The Basic Science of Geothermal Heating and Cooling

A number of residents here in West Chester, Pennsylvania, have signed on with Brandywine Valley Heating & Air Conditioning to transform their homes into geothermal homes. Still apprehensive about geothermal heating and cooling yourself? Knowing a bit of the science behind it – and the mechanics as well – might help.

We’ve mentioned elsewhere the rewards of geothermal heating and cooling. Suffice it to say here that hardly any other methods of maintaining apleasant home environment whatever the season are as efficient, trustworthy, or ultimately thrifty, particularlly when you gauge the energy savings.

Here’s how geothermal works its magic.

Thar’s Gold Heat in Them Thar Hills!

We mine the earth for precious metals. We drill the earth for oil. Now, to an extraordinary degree, we’re tapping the earth for an asset no doubt just as valuable to most of us: the energy to heat and cool our homes that doesn’t entail oil.

You see, right under the earth’s crust – that would be, oh, say, 33,000 feet under our feet – is a mantle of magma. This is a molten and semi-molten brew, primarily of silicates, in which temperatures run from 1300 degrees Fahrenheit to 2400 degrees Fahrenheit and hotter the deeper you go (not that you’d want to go there!). What this serves to do is keep the ground immediately under the earth’s surface at a reasonably constant year-round temperature of between 45 and 75 degrees Fahrenheit. So? Underground temperatures in West Chester (and essentially everywhere stateside, in any event) are warmer than the ambient air above ground in Winter and cooler than the ambient air above ground in Summer.

Time to Get Pumped!

The function, then, of a geothermal heating and cooling system is to|Underground temperatures being what they are, then, it’s the task of a geothermal heating and cooling system to transfer heat from the ground  to your home or heat from your home to the ground, as the season dictates. Either way, your home remains at the perfect temperature to keep you and your family comfy year-round.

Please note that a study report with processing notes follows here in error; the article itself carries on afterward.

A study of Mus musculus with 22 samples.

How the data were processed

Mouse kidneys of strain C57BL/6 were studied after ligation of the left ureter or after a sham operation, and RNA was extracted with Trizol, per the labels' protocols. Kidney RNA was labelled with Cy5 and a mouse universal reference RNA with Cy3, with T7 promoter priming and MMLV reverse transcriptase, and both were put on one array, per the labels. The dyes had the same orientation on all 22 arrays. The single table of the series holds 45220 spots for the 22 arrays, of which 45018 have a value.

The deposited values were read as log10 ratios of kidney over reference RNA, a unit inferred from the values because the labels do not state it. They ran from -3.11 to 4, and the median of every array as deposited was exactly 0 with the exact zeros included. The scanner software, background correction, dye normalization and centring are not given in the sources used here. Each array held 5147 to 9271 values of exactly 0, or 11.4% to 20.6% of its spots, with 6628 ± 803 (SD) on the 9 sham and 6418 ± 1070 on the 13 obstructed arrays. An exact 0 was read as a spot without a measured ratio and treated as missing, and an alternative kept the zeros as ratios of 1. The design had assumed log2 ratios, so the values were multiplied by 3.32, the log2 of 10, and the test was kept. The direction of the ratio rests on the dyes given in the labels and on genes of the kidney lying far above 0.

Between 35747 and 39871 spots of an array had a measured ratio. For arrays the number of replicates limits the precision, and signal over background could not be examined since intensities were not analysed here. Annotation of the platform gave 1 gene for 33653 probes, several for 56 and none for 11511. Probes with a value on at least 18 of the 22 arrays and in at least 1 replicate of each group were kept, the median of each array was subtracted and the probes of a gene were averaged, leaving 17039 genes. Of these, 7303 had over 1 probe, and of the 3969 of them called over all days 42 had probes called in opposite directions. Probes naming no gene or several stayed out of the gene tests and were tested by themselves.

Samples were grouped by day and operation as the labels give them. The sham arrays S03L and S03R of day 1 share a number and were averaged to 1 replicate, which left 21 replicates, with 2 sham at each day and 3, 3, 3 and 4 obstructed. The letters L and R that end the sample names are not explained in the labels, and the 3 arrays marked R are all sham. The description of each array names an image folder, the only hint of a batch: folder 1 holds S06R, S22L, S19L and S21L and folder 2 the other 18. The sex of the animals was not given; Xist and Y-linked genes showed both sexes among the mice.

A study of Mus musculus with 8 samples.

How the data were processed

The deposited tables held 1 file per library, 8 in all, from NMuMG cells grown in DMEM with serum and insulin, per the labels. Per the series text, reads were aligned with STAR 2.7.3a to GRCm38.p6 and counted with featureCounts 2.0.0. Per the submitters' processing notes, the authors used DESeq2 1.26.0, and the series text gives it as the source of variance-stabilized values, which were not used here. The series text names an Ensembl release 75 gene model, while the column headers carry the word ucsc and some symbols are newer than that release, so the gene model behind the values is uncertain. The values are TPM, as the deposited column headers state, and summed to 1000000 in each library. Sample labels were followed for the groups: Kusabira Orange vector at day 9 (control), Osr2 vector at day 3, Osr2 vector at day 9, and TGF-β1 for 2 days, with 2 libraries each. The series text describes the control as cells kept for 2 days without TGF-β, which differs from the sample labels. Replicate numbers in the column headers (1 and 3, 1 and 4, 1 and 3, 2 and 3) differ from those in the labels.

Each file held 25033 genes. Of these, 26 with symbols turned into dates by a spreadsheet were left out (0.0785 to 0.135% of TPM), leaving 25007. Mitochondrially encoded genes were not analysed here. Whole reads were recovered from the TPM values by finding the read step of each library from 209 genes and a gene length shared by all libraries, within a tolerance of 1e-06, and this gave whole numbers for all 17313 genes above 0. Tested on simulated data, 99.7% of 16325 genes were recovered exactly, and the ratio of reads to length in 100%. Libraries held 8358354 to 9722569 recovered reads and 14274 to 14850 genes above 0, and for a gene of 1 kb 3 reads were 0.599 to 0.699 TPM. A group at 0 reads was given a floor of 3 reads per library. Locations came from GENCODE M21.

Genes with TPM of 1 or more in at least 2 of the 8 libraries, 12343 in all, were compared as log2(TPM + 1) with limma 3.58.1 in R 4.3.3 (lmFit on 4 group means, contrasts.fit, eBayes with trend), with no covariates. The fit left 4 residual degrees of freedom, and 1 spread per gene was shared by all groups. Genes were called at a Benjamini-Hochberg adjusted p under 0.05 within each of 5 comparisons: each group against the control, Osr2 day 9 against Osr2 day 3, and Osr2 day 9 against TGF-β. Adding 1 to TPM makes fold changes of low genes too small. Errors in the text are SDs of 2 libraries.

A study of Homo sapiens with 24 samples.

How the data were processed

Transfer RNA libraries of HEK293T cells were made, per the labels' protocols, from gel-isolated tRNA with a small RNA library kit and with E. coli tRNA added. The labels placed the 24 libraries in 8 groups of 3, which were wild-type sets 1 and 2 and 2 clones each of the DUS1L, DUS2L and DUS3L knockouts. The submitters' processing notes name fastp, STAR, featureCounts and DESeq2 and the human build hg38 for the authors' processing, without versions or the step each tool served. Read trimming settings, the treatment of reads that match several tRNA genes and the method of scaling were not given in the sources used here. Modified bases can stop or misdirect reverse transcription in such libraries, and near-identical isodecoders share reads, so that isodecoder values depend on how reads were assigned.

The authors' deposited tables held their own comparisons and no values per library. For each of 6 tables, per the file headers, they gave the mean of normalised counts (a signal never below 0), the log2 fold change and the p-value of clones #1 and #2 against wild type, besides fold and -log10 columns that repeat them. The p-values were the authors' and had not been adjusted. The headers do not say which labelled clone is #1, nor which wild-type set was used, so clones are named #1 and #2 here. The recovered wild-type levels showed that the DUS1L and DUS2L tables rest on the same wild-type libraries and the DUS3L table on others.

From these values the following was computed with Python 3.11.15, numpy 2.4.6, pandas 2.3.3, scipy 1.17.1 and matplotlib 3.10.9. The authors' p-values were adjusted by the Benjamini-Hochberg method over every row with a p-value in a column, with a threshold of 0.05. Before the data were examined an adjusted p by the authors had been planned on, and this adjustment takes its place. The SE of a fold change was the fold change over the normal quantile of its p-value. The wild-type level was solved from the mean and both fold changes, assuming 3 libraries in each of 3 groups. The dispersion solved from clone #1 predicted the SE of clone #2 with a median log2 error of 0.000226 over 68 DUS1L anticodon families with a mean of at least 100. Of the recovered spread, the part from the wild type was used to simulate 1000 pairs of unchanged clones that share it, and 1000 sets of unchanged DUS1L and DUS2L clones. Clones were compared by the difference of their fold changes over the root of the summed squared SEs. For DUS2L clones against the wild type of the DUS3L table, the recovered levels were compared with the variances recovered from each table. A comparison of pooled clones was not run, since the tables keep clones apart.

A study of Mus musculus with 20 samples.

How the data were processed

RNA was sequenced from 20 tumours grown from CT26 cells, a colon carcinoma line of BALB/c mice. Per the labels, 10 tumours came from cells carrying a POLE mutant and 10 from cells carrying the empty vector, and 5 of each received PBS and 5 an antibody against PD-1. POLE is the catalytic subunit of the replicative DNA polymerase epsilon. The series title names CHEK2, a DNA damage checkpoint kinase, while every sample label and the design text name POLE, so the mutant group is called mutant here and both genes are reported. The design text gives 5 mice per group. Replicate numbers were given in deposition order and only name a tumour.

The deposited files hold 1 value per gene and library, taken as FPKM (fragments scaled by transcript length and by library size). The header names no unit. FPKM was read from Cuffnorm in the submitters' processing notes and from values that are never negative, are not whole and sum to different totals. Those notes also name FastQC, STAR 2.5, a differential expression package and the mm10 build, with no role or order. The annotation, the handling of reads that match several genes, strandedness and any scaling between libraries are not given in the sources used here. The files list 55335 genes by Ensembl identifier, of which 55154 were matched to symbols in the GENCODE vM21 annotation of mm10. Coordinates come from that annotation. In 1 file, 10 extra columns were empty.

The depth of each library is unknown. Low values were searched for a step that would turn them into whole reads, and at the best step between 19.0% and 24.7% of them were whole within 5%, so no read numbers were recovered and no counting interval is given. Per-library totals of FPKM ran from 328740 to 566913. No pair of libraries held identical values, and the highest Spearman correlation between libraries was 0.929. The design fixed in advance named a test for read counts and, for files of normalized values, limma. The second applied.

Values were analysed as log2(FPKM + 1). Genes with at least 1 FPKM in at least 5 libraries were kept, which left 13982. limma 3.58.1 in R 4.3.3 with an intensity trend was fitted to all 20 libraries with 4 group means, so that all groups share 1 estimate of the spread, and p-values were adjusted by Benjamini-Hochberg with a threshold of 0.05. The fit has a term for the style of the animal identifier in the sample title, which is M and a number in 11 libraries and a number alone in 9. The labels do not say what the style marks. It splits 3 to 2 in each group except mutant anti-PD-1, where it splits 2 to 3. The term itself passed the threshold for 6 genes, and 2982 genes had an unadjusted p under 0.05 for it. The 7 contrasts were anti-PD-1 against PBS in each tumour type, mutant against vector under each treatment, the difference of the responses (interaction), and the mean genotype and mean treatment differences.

The mechanism that accomplishes the transfer is a geothermal heat pump. It continuously circulates water or some mixture (predominantly antifreeze) between your home and loops of piping (predominantly made of polyethylene, high-density polyethylene, PVC, or CPVC) buried in the ground. In Winter, the liquid is cold when it enters the ground. As it flows through the loops, it sucks up heat from the earth and is reintroduced to your home warm. In Summer, the process is reversed: warm liquid is brought into the loops, where it absorbs the cooler ground temperatures before it’s returned to your home. Need details? You’ll find more specific information on ground loops here.

The central point is that geothermal heating and cooling systems don’t produce energy. They’re not like central heating systems, which generate heat themselves. Instead, geothermal systems heat and cool your home by putting to use the energy already amply available beneath the earth’s surface. That’s why geothermal systems are not only quieter but also a lot more dependable, need less maintenance, have much longer lifespans, and are more environmentally friendly than old-school HVACs. That’s also why, in the long run, you’ll save a lot more more money by going geothermal.

Curious now? Talk with Brandywine Valley Heating & Air Conditioning, your West Chester geothermal heating and cooling specialist, today.